Progression Series- Intermediate Moves

Often, when I think of an “intermediate” poler, a zillion things come to mind! Inverts, and lay backs and climbs and more. So how, as an instructor, do I progress my clients through them? Read on below!

The word “intermediate” can encompass a lot in pole dancing. To keep things simple, I’m going to simply start off from where I finished the beginner series. I break intermediate moves down into two categories: on the pole and inversions.

In part one, we’re going to focus on “on the pole” moves. There are certain things I expect of my clients before allowing them to flip upside down, and these moves are those things. Why? Because I believe that these moves make the student stronger and better prepared to flip upside down. It will allow them to do so in a controlled manner because they have developed all the skills needed.

The first of these moves, is none other than the cross knee release (layback). Why do I teach this? Isn’t it the same as going upside down?

Cross Knee Release

You definitely do have to have the hips above the shoulders ot correctly perform a layback. However, I use this moves as it does not allow the student any kind of jump/kick which makes for a controlled move. The cross knee also helps develops a pain tolerance on the inner thighs different from basic seats on the pole and necessary when performing cruciifx/inverted thigh hold etc.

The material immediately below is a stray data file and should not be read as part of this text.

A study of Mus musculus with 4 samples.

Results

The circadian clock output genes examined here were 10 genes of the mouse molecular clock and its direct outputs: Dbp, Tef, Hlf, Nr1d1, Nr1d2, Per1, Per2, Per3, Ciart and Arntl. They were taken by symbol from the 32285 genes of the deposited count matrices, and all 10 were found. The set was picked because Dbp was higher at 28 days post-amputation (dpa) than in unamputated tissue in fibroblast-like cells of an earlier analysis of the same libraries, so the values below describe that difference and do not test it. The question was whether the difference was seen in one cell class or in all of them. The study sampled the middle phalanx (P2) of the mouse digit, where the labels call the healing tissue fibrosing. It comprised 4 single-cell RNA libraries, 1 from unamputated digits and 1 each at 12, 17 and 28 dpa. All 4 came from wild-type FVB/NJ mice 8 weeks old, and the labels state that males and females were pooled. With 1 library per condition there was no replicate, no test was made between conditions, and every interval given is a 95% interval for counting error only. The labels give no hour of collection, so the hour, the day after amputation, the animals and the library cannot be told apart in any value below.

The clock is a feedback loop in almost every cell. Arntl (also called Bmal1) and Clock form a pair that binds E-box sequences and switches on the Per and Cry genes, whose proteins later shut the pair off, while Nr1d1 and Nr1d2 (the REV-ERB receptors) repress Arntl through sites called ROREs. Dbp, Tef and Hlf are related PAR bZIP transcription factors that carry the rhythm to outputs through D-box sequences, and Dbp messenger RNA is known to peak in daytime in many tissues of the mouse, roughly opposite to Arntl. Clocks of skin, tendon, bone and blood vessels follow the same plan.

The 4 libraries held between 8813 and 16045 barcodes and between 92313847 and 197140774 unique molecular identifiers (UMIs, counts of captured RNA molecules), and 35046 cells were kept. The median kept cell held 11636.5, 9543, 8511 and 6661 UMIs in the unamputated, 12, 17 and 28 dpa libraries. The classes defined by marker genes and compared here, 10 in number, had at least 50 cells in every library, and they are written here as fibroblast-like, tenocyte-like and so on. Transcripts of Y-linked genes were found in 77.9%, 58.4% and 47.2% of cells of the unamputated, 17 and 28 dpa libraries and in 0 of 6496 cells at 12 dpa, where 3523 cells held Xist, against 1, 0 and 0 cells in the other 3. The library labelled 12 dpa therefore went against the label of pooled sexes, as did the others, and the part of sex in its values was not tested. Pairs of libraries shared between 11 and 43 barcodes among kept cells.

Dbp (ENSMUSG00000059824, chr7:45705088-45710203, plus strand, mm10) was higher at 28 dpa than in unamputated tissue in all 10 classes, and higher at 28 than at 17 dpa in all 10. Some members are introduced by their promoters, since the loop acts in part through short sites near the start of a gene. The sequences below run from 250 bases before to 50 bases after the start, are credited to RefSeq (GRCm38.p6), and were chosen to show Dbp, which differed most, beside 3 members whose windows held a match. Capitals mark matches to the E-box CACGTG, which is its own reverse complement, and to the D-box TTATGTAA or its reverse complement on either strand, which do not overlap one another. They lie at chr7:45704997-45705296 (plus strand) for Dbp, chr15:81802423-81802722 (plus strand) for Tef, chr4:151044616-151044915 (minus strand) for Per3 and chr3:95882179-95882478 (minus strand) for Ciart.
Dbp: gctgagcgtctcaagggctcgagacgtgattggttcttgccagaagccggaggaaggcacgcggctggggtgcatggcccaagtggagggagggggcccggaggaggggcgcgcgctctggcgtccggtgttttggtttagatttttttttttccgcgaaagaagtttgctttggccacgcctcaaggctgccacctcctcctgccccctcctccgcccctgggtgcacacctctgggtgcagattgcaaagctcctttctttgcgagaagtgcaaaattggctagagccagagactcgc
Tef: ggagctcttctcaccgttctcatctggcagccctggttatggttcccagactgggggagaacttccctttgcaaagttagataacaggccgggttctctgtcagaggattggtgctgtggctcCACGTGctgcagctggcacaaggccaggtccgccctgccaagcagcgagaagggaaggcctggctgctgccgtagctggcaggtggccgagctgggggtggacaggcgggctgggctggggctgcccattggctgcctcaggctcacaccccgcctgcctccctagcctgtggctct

Lastly, the cross knee release demands and develops the core muscles. If a student is not able to pull their body up, by themselves, from the layback, they are not prepared to invert (a controlled invert anyways).

The second move I require prior to inverting, is an apprentice (from the floor) pull up. This move is challenging. Extremely challenging. So why do I make it a pre-requisite? First off, it allows the student to get comfortable with having the hips above the shoulders and yet not be “stuck” in an invert.


Secondly, the pull up requires both muscle coordination and extreme pulling strength to accomplish- both things necessary when controlling an invert. If the student can perform an apprentice pull up, they are more than ready to lift into a basic invert.

While those two moves are mandatory for me to progress a student to an invert, some other moves I teach prior to flipping upside down are: hello boys, blade, aerial teddies, ballerina (provided they have the flexibility), side climbs etc.

The main goal of my progressions is to ensure the student is beyons prepared to perform an invert. By the time they are permitted to flip upside down, aside from a a bit of mind -muscle fixing and some coordination drills, they are coming up onto the pole easily, controlled and confident.

So what do I teach them once upside down? Check out part two to find out!

Want to know how to learn pole properly? Safely? With proper progressions to make you a badass? Check out these sessions.